Wednesday, August 03, 2005

Post-Hackett thoughts

There's not much I can introduce into the Hackett discussion that hasn't already been said in great detail. So I'll say my bit about how we should feel about the loss, and then offer a strategic point:

First, there's no denying that Hackett's loss is disappointing, since the prize if he had won would've been enormous. Having a Iraq vet in Congress who could be our party's mouthpiece on this issue and foreign policy more generally would've been awesome. It's also possible that Hackett could've held this seat for quite a while or moved up to challenge some higher opponent. So it's reasonable to have the disappointment that people have when they barely miss out on something unlikely but really wonderful.

Second, we can feel pretty good about our competitiveness in Ohio. If we can lose 52-48 in the reddest district in the state, there's a way to win anywhere else. Sure, we were running a great candidate against a mediocre one, but the point is that a lot is going to depend on particulars of the race. Giving Coingate and other scandals some time to simmer can only help us, and the fact that we'll be running against the least popular governor in the nation (19% approval, 74% disapproval in a recent poll) can only help us as far as coattails go. While Bush may have won in 2004 by making himself seem indispensable to the War On Terror, it's not clear that GOP congressmen can claim the same advantages.

Third, I'm happy about the fact that a Democratic Iraq vet got so much media attention.

I disagree with the dKossish line that Hackett succeeded by uncompromisingly yelling the Democratic line everywhere, and that moderation is a loser. Hackett did an impressive job of presenting himself as a hard-core liberal to the bloggers, but he did feature Bush fairly positively in one of his ads. Hackett's webpage only identifies him as a Democrat in third-party news stories. While it's important to make your positions clear and defend them aggressively, flaunting the symbols of Democratic partisanship can be a bad idea in some places.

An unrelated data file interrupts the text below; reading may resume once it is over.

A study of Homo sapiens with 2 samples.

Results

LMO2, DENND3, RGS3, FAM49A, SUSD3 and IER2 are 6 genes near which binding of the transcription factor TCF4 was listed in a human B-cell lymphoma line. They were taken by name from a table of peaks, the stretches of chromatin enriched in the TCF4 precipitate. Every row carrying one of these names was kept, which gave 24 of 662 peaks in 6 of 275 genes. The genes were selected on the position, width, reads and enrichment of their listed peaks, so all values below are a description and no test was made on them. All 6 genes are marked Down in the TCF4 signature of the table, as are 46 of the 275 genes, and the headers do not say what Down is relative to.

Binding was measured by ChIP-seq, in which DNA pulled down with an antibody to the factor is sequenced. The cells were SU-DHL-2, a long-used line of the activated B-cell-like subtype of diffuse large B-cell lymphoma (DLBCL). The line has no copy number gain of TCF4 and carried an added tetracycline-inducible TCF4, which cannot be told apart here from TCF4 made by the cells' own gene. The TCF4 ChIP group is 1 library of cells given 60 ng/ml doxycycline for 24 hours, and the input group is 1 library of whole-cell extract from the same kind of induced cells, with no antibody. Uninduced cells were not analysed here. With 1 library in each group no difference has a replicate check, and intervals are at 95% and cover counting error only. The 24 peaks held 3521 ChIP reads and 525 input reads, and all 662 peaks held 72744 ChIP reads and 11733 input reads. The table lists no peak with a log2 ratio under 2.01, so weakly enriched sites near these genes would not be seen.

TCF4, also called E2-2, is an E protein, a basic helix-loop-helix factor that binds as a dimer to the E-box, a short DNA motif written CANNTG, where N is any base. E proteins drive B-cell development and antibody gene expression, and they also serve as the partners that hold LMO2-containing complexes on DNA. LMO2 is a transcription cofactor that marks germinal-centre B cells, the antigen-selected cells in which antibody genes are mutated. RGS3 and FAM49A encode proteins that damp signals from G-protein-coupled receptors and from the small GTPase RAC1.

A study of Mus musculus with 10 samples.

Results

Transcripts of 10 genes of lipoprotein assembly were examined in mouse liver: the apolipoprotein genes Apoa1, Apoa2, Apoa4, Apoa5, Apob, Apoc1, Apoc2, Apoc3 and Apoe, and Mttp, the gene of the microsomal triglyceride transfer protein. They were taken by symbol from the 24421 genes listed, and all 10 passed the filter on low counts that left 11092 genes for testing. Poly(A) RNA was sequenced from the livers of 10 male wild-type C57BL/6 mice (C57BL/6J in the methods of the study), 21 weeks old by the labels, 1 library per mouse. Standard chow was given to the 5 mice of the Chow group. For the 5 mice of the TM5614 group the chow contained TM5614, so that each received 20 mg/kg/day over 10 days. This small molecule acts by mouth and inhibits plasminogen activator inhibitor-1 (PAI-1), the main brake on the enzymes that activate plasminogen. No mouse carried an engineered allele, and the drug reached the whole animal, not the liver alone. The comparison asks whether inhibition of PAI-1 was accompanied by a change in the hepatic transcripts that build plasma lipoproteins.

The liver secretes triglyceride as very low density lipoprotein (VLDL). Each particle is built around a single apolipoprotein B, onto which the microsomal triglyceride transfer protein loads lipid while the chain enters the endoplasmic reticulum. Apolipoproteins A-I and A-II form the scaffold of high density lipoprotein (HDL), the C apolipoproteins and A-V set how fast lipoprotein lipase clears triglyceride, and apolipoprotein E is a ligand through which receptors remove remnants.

1 comment:

Rousseau said...

Hackett did far better than I expected, and the Cincinnati-ans I know are cooing.

It doesn't help that Burke (the Hamilton county chair) is so disrespected and deservedly so. His appeals for money both current and future simply aren't respectable given his history.

I hope Dems do much better in 2006, but the state party is so weak that I really don't know who'd make a challenge. Ted Strickland? I guess, but this is the best we can do?

Something this whole election makes me feel strongly about is the need for Democrats to have more figurehead candidates. W and Reagan, were the most successful GOP candidates of the past half a century, and basically only represented a good camera face and no actual contribution to policy or administration. Democrats keep nominating actual party leaders, who actually write the policy and lead the team, and thus we have to run with less than ideal candidates. Adulters, charismatic-less flip-floppers, or whatever. Rove went into Texas, found a good smile and a good resume, and just ran with that. And if you make a race between two bland figureheads that everyone aggrees are shiny people, maybe people will have to vote about actual issues instead of personal pecadilloes.